Press Releases

SNP: MSP condemns £60m bedroom tax raid

SNP press release

An MSP and former Director of a Housing Association has condemned the Westminster Government’s bedroom tax, after new analysis revealed the devastating effect it will have on families on the lowest incomes. Under the pretext of tackling under-occupancy in social housing, the Tory-led Government is to introduce an under-occupancy penalty or ‘bedroom tax’ from next April, which will see social tenants with spare bedrooms forced to pay more.

This takes no account of the availability of smaller properties in the area, nor of the effect of moving away from family, carers, schools and other local ties. Housing charities such as Crisis and Shelter Scotland have argued that the serious mismatch between available housing stock and the actual demand will mean the tax will almost certainly drive up rent arrears and evictions.

The tax has been widely condemned by a range of charities and housing organisations, citing numerous examples of people caught up in the new tax – including single parents with part-time access to their children; couples who use their ‘spare’ bedroom when recovering from an illness or operation; families with disabled children; and disabled people – including those
living in adapted properties. Even foster carers will not automatically be exempt, and will have to apply for a limited pot of discretionary funding.

In a letter to Linda Fabiani MSP, Housing and Welfare Minister Margaret Burgess outlines the Scottish Government’s predicted impact of the new tax on Scotland. Not only are over 100,000 households to be affected – or one in five of the entire social rented sector – but households will lose up to £52 a month – or over £600 a year. Overall, the Government puts the total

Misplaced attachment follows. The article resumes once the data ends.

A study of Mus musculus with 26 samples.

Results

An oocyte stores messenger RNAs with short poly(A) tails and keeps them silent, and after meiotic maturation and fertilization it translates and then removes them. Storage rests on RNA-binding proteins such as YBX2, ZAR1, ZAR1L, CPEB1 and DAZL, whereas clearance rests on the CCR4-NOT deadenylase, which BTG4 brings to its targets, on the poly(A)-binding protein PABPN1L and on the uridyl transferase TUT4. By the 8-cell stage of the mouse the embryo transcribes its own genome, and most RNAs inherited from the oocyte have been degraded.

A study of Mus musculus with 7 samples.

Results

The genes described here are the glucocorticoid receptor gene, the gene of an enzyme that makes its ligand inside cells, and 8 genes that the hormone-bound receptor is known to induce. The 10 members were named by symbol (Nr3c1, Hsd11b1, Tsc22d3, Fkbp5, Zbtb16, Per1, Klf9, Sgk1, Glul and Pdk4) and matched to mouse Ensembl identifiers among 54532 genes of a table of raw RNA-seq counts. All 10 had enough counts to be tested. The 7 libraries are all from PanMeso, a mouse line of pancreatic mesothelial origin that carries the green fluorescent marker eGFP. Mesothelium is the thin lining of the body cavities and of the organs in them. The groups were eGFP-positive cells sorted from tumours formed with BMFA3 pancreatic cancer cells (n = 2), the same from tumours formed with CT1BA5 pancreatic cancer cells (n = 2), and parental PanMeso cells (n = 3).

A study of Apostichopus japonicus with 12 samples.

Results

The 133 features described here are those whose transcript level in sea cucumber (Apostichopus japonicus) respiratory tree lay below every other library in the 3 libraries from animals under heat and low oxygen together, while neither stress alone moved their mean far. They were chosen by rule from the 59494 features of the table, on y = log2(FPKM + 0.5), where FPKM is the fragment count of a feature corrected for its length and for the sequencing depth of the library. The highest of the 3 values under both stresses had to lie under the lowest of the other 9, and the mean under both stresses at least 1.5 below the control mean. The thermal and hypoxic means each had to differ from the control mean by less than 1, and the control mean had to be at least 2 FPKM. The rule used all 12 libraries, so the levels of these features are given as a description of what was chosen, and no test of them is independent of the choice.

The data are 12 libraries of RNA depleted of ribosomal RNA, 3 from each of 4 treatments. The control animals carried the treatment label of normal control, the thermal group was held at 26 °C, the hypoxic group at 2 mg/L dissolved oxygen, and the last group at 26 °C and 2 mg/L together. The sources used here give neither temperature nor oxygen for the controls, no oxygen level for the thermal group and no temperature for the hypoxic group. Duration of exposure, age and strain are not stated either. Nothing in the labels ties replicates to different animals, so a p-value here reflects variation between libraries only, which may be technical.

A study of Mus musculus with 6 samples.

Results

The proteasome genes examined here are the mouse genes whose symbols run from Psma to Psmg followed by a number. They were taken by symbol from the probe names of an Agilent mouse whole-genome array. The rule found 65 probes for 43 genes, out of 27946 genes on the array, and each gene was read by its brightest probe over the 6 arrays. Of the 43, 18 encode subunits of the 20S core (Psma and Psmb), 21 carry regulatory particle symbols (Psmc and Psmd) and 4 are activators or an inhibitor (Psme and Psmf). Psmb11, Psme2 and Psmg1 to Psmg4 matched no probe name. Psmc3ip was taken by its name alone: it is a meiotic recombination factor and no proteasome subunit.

loss to Scotland at £60m-£65m a year.

Commenting, Ms Fabiani – who sits on the Scottish Parliament’s Welfare Reform Committee – said:

“I’m absolutely shocked at these figures, which reveal the true extent of the damage caused by the Tories’ bedroom tax. 

“The Tories’ claims that these people can simply move to a smaller property to avoid this tax would be laughable if the issue were not so serious. In most cases people can’t just up sticks and move to a smaller property.

“Even in the unlikely scenario that there is a vacant property – people have places of work, they send their kids to the local school, they may live close to relatives – but the Tories expect them to just abandon all of this.

“Yet again, we see the Tories taking money from the most vulnerable in society – and taking money from the Scottish economy. This is £60m that will not be spent in Scotland, which will hurt economic recovery.

 “This is another example of why leaving these decisions to be made in Westminster leaves Scotland at such a disadvantage. If we were able to join up our welfare and benefits policies to our Housing strategy – we could produce policies which work for the most vulnerable in society – not against them.”